From Community Forum Moderator, 59Tom:

"These electronic ignition conversions as well as ones from Pertronix, Mallory, The GM Goodwrench Performance Parts catalog and others fit inside of your distributor and take the place of the points pieces. You still use your basic distributor and tach drive. The Pertronix has been very popular with those who want to retain a stock distributor appearance. All of these brand names will give good service."

From
Community Forum member, Jack:

"I don't know about Jacobs, but I don't think that MSD currently offers a retro-fit that replaces points in YOUR Delco distributor (MSD does offer hot modules to fit factory HEI). I've heard many good things about the Pertronix points eliminator; most (Pertronix included) of the points eliminators are magnetic (Hall effect) "triggers"... but some (like the Mallory Unilite) use light/LED triggers ... the Unilites have a reputation for DOA failures ... something you can deal with at the track ... but not in a daily driver.

I don't know about the GM points eliminator ... it's probably a magnetic trigger. For a first-time ignition upgrade for MOST folk with a relatively stock-to-mild driver, I'd suggest simply replacing the points with a Pertronix or other magnetic trigger (GM too?) and replace-upgrade your factory canister-style coil with canister-style Pertronix or Accel Superstock or MSD Blaster or Mallory coils ... your GM dealer also offers both a GM-labeled MSD Blaster-upgrade canister-style coil and a GM-labeled MSD box. However, a decent factory point-triggered distributor is VERY, VERY reliable up to about 6K rpm (more if modified) ... and if it does fail ... you can troubleshoot @ roadside ... chevy points & condensor readily available ... most any bubba can R&R points.

I have also seen advertized at Mid America a stock-appearing hot HEI-type distributor that has a mechanical tach drive ... don't know who makes it and it's very pricey.

MOST MSD & Jacobs you hear about are add-ons (called ignition amplifiers) that change your factory "inductive" system to a hotter "capacitive discharge" system. Also, MOST MSD & Jacobs make a "multiple spark" that pulses plugs many times per event; these "spark boxes" usually require a fair amount of wiring and a PROPER place to put the "box" ... C3's are notoriously short of free firewall space. Typically, those boxes' harness carry a very high voltage also; instead of 12 volts at primary side of the coil (as now)... you'll have 400 - 500 volts there (careful with that inside cockpit, it can bite ... permanently!!!). And, it is not uncommon for a box to hum or buzz and produce heat. However, I understand that MSD has recently come out with a "Stacker" system (pn 7000) that virtually eliminates most additional wiring and has somewhat reduced footprint & height... but if you have points now, you'll still have points as a "trigger" with the stacker ... like other MSD boxes, the stacker does not eliminate points. MSD does offer a replacement-upgrade corvette distributor that has a magnet-trigger, mechanical tach drive and both vacuum & mechanical advance (pn 8572 about $290) ... however, it must be used in conjuction with one of their ignition amplifiers (spark boxes). A ton of street & bracket cars use the MSD 6 series CD boxes. Virtually all mid-to-upper NASCAR, SCCA and NHRA classes use a CD ignition ... MSD is by far the favorite and Jacobs is gaining a strong following ... Accel, Crane & Mallory have pretty good CD offerings/following too. Virtually all add-on CD ignitions require a spiral core-type spark plug wire set and probably a coil upgrade from stock too. I have two MSD boxes; a 6TN & 6M-2.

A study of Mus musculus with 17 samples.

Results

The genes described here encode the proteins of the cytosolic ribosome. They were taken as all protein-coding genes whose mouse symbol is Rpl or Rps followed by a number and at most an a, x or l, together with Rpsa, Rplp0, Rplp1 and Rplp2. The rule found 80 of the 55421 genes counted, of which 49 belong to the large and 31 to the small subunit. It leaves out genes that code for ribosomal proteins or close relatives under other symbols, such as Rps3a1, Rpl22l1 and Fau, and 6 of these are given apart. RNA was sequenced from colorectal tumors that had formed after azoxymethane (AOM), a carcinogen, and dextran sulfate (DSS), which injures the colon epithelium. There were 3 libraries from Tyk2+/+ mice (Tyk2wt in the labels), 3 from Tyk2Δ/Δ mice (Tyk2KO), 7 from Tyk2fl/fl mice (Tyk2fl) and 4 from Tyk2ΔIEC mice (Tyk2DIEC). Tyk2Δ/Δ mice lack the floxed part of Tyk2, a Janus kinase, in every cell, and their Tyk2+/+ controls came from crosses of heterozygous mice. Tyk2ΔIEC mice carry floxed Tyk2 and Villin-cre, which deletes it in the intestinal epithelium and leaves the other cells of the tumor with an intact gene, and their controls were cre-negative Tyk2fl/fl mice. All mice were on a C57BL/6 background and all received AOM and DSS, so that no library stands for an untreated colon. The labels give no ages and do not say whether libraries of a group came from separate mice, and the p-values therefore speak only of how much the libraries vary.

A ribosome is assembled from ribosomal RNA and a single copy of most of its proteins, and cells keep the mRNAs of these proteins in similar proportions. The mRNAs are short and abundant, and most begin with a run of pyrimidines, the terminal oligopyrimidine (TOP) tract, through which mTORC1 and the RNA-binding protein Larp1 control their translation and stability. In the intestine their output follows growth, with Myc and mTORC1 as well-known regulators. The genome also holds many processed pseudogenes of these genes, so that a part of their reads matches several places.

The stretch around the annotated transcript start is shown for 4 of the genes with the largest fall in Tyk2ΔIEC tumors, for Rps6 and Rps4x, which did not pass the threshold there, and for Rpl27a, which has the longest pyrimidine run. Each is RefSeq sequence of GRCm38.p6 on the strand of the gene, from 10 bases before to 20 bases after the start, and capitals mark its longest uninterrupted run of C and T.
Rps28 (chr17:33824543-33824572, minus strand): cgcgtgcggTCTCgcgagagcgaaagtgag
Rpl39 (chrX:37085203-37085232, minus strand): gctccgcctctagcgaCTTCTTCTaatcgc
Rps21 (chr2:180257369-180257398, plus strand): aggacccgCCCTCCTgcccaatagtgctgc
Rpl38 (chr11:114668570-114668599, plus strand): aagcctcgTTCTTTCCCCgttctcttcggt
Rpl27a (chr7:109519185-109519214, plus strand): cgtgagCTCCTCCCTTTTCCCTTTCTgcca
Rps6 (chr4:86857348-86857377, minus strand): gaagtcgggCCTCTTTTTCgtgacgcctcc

Here's a link to Pertronix company:
http://www.pertronix.com/.

Here's a link to a Pertronix seller with good prices:
www.carshopinc.com


DISCLAIMER:  This How-To article contains information from other Corvette owners and enthusiasts that are members of the Corvette Action Center forums. Any information used from this How-To section is used at your own risk. Although we do our best to screen and verify the information provided here, the Corvette Action Center is not responsible for any inaccuracy in this How-To section. Always consult your service manual and/or a qualified automotive service technician before conducting any type of automotive repairs or modifications on your own. For further information, please review our Legal Disclaimer.